Home & Garden

Water for the wise: Class shows Tri-Citians how smart watering saves money

KENNEWICK -- Do you use water wisely in the garden and yard?

Are a rain gauge, drip irrigation and irrigation timers as much a part of your gardening tool kit as a trowel and rake?

Or are you an uncaring user who lets your sprinklers fling water wildly, not caring if it hits flowers or cement walkways, lawn or fence?

Watering wisely is important for three reasons.

First, it conserves an important natural resource, said Marianne Ophardt, a horticulturist with Washington State University Extension for Benton and Franklin counties.

"Second, if you water properly you'll have a healthier, better looking lawn and landscape," she said.

"Plus you'll save money. So even if you're not into saving water for others to use in the future, by watering efficiently you won't have to use as much expensive fertilizer."

And watering wisely will save you even more money if you irrigate using water supplied by the city, which generally is more expensive than irrigation water, Ophardt said.

You can learn how to save water, save money and have a healthy lawn and landscape at a three-hour workshop, "Smart Water Management for the Yard & Garden."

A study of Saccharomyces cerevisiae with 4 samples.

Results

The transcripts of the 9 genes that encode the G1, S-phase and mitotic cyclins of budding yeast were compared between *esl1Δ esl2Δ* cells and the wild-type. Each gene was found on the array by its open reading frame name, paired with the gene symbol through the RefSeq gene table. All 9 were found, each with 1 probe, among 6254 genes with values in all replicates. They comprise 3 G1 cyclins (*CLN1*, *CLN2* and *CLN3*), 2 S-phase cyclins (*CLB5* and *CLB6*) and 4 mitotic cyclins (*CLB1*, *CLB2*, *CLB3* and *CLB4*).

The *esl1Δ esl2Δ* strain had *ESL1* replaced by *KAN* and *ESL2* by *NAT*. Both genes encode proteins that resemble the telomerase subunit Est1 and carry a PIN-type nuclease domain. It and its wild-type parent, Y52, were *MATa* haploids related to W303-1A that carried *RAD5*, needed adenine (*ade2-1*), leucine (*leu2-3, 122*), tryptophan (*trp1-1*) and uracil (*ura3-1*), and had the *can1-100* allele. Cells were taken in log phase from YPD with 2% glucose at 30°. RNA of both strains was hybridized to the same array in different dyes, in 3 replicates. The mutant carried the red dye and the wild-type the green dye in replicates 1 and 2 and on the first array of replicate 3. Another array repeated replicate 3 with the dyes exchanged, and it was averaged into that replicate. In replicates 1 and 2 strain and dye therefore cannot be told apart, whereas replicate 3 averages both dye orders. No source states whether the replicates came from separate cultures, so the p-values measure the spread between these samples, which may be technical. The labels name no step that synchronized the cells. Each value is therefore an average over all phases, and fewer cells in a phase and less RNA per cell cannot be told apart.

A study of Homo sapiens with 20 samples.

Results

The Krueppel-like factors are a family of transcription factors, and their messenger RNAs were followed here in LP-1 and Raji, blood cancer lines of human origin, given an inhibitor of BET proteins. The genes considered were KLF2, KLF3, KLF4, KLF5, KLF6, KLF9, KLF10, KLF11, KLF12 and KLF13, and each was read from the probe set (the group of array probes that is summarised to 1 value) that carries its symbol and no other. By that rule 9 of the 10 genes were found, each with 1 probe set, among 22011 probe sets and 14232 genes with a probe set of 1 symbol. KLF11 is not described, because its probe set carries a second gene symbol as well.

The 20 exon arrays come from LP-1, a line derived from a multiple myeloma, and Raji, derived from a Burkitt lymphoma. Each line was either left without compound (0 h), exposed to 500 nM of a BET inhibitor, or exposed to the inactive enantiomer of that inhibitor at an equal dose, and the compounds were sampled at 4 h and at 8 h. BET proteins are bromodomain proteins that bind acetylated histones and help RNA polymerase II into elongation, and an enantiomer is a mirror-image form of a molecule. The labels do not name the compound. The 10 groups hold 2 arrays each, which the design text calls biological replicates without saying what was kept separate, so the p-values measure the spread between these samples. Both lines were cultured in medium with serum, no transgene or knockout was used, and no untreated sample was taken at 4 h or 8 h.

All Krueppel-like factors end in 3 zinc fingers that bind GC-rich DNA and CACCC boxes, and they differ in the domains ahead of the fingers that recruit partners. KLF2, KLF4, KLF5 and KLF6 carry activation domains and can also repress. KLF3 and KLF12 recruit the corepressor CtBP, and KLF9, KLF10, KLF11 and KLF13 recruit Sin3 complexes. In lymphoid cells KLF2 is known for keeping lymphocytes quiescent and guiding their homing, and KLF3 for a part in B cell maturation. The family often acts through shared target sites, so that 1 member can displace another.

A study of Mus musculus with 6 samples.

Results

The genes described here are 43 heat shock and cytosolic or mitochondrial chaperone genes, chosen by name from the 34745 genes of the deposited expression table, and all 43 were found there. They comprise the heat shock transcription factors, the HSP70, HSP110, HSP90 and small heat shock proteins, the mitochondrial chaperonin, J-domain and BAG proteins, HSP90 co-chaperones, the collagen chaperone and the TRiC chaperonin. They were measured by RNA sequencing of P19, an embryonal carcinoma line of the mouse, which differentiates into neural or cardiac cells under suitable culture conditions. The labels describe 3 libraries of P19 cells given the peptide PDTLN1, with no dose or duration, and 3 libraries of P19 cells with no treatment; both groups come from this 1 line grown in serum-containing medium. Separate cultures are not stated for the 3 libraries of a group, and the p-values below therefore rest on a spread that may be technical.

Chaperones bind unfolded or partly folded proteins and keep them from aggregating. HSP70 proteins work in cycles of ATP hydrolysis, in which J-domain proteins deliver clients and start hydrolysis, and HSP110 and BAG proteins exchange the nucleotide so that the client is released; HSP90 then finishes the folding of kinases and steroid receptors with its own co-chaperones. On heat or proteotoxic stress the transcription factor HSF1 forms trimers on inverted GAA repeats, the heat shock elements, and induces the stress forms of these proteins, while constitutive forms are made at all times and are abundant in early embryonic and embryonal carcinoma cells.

The workshop runs from 9 a.m. to noon July 25 at Highlands Grange Hall, 1620 S. Union St., Kennewick.

Featured speaker is Troy Peters, Washington State University Extension irrigation specialist. He'll explain when plants need water and how to get it to them, not the patio.

A representative from the Kennewick Irrigation District also will discuss how to use "smart controllers," a device which measures moisture in the soil, to water yards, gardens and landscaping. The controllers hook to irrigation timers and signal the timer to go on only when the plants need water.

"Much better," Ophardt said, "than a dumb timer -- one of those set it and forget its -- which runs the irrigation water based on time, not need."

Ophardt will close the workshop with a talk on good lawn management -- mowing, fertilizing and thatch control.

The workshop is sponsored by WSU Extension of Benton County, the Benton-Franklin Master Gardener Foundation and KID.

Cost is $10 per person and preregistration is required. Registration deadline is July 18.

For more information or to register, go to the Kennewick Extension office, 5600E W. Canal Drive. Or call 735-3551.

* Loretto J. Hulse: 509-582-1513; lhulse@tricityherald.com.